Some Problems with Zizek’s Account of Interpassivity

In a late capitalist world with our lives constantly bombarded by activity, interpassivity arises as a mode of fetishism that structures the symbolic space of our beliefs systems. An environment of constant activity results in what Lacan refers to as the “over-burdened demand to enjoy,” a build up of pressure from this demand causes the subject to delegate a level of passivity onto the scene of hyperactivity. Zizek points out in many places, particularly in his text On Belief how this “externalization of belief,” or interpassivity belongs to the realm of the symbolic, and enjoyment belongs to the realm of the real. Why? Because enjoyment can never reach homeostasis in the rush of activity and flux, enjoyment remains the object petit a, caught in an infinite tension around the object of desire, never reaching fulfillment, thus it remains part of the dimension of the real.

The clearest account of the Lacanian symbolic register is the example of Woody Allen’s public divorce with Mia Farrow. Allen is said to have dealt with the media in the same hyperactive, idiosyncratic ways that the characters in his films. A traditional psychoanalytic reading of this occurrence would argue that Woody Allen’s actions are merely repressed character traits of his own self put down onto the big screen, and then reappearing as a result of a psychical and emotional breakdown. The Lacanian reading would argue something different, that Allen’s incorporation of his symbolic behavior patterns from symbolic art is real life as such. The Lacanian subject is deprived of that which it believes to be the most intimate part of himself, and this happens in the realm of the symbolic. The symbolic is, after all “the only dimension that cures.”

What are the consequences of interpassivity on our own idea of subjectivity? Zizek claims that as interpassive subjects we are ambivalent and unsure to what extent we are able to give up part of our subjectivity in the required transfer with the other. Of course there are many different sorts of transfers of belief onto an other, the most common examples Zizek sites are that of canned laughter on television – an example that he gets from Lacan’s reading of Antigone and the role of the chorus in ancient Greek tragedies. In ancient Greek tragedies the Chorus functions similar to how canned laughter functions on television sitcoms, the Chorus functioned as a sort of interpassivity itself, doing the work for the audience, establishing the way in which to respond to the play.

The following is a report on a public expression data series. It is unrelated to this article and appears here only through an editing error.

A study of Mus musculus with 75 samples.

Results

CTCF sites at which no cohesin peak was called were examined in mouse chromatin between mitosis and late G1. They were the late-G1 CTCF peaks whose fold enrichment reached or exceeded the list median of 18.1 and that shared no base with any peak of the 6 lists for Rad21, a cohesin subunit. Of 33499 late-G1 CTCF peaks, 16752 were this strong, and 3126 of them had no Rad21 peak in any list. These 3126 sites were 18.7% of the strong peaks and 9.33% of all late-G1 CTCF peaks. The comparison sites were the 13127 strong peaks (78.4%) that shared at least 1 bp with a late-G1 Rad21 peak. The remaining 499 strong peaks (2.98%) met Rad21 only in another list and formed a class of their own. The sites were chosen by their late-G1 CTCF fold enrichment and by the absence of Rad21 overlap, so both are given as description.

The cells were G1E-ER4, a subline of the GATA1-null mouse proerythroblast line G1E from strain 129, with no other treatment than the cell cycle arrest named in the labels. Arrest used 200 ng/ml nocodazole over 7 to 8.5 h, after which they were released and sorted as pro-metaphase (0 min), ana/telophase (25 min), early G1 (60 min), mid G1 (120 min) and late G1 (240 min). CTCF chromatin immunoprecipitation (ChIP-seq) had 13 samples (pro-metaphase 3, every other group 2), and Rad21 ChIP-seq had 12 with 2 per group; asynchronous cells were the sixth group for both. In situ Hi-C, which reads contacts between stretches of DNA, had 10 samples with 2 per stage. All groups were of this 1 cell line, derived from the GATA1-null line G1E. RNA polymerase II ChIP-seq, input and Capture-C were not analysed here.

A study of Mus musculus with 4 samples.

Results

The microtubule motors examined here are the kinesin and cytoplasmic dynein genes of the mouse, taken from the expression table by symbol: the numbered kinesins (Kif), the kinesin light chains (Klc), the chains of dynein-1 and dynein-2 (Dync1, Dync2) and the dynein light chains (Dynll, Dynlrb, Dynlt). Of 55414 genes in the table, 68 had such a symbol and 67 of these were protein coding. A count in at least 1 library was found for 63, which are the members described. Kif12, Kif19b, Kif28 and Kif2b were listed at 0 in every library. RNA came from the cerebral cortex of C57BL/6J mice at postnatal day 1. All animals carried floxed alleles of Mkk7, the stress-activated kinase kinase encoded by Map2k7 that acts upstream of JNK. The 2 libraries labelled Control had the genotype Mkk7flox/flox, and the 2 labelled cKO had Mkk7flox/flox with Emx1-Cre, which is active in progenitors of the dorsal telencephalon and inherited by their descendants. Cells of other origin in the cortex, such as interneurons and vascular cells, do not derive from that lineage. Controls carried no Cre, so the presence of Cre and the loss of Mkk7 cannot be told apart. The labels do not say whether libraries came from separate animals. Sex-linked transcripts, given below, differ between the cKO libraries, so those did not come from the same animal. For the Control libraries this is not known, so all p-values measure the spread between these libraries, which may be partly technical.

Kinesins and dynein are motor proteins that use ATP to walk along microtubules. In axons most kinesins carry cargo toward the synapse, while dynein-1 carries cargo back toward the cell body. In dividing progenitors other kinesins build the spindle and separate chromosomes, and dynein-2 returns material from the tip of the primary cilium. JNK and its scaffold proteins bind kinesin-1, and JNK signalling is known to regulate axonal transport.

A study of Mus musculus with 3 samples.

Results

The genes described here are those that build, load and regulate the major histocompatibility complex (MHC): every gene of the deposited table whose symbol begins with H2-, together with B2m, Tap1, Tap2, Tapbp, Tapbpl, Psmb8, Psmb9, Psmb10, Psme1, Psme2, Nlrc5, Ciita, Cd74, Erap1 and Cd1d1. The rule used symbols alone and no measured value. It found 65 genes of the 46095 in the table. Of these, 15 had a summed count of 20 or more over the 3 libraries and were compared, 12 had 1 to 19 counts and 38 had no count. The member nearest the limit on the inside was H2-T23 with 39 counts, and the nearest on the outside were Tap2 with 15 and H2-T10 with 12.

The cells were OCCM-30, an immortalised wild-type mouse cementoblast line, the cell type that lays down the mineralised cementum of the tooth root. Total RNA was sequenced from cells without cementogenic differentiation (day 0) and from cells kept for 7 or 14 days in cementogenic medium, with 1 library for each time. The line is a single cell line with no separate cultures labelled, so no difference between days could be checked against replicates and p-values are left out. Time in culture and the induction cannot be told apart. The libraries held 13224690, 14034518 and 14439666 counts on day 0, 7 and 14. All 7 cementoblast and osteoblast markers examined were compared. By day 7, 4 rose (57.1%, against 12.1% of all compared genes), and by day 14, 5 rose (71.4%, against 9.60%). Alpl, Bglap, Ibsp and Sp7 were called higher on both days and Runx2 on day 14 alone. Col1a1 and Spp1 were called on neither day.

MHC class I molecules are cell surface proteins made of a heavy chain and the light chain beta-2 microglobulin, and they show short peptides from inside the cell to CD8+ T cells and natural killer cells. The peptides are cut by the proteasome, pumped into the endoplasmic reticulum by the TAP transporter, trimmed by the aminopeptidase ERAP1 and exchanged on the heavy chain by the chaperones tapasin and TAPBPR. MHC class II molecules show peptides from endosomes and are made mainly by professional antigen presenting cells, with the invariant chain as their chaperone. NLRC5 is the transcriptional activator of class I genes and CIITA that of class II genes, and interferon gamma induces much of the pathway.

Zizek’s theory of interpassivity is from Hegel but Sartre also discussed passivity, what Zizek does is add a Lacanian twists. He defines interpassivity as “believing or enjoying through the other.” Interpassivity is the process, or mode of externalizing one’s beliefs onto an other, wherein one doesn’t merely believe through the other, but belief itself functions like a defense mechanism. Zizek frequently compares subjectivation to interpassivity to a wide range of examples from religous rituals such as Buddhist prayer flags,to the oft cited example of the Atheist scientist’s use of the mezuzah, who when asked why he still has it on his entryway to his fome even though he does not believe in God responds, “I have it there because I was told that it works even if you don’t believe.” The view of Zizek’s conception of religion is rooted in Feurbach who believed that religion is an externalized part of our own subjectivity. The main difference here is that interpassivity is a distinctly modern iteration of the emergence of “praxis” onto the scene of philosophy a la Marx.

In other examples of interpassivity Zizek looks at multiculturalism and projects that seek to promote tolerance as a form of interpassivity. In the example of the State sponsored ‘race-dialogues’ the subject is interpellated by the (false) universal value of the state. In the jump from belief to tolerance projects that subjectivize the subject, it is unclear if interpassivity functions in the same way? It also seems unclear how interpassivity functions as a defense mechanism and simultaneously as a mode of subjectivization.

Where does Zizek’s critique of ideology come into play in the realm of interpassivity? Ideology can be understood as the stand in for impossible real of externalized belief. Thus, ideology is the process of taking externalized belief as real, when it is in fact an externalized part of our consciousness, or subjectivity. The real will always resist reification and hypostatization. Seeing ideology as a form of fetishism is the very structure of all reality because fantasy relations inhabit all reality. Externalized belief itself is a form of reality that we have difficulty time disavowing and delegating to an other, as mentioned above, the interpassive transfer of belief onto an other creates a superego injunction of guilt, similar to that of the liberal injunction to ‘know my neighbor as thyself.’

The interpassive subject feels depleted and unable to contribute to the norms of social production and suffers from the hyperactive mental fatigue. Interactive life presents a superego injunction that cannot ever be fulfilled. The way to regain autonomy, or to shrug off the hyperactivity is to reflect on the delegation of enjoyment onto others. Start by affirming what we cannot affirm in the abyss of the other’s impenetrable desire.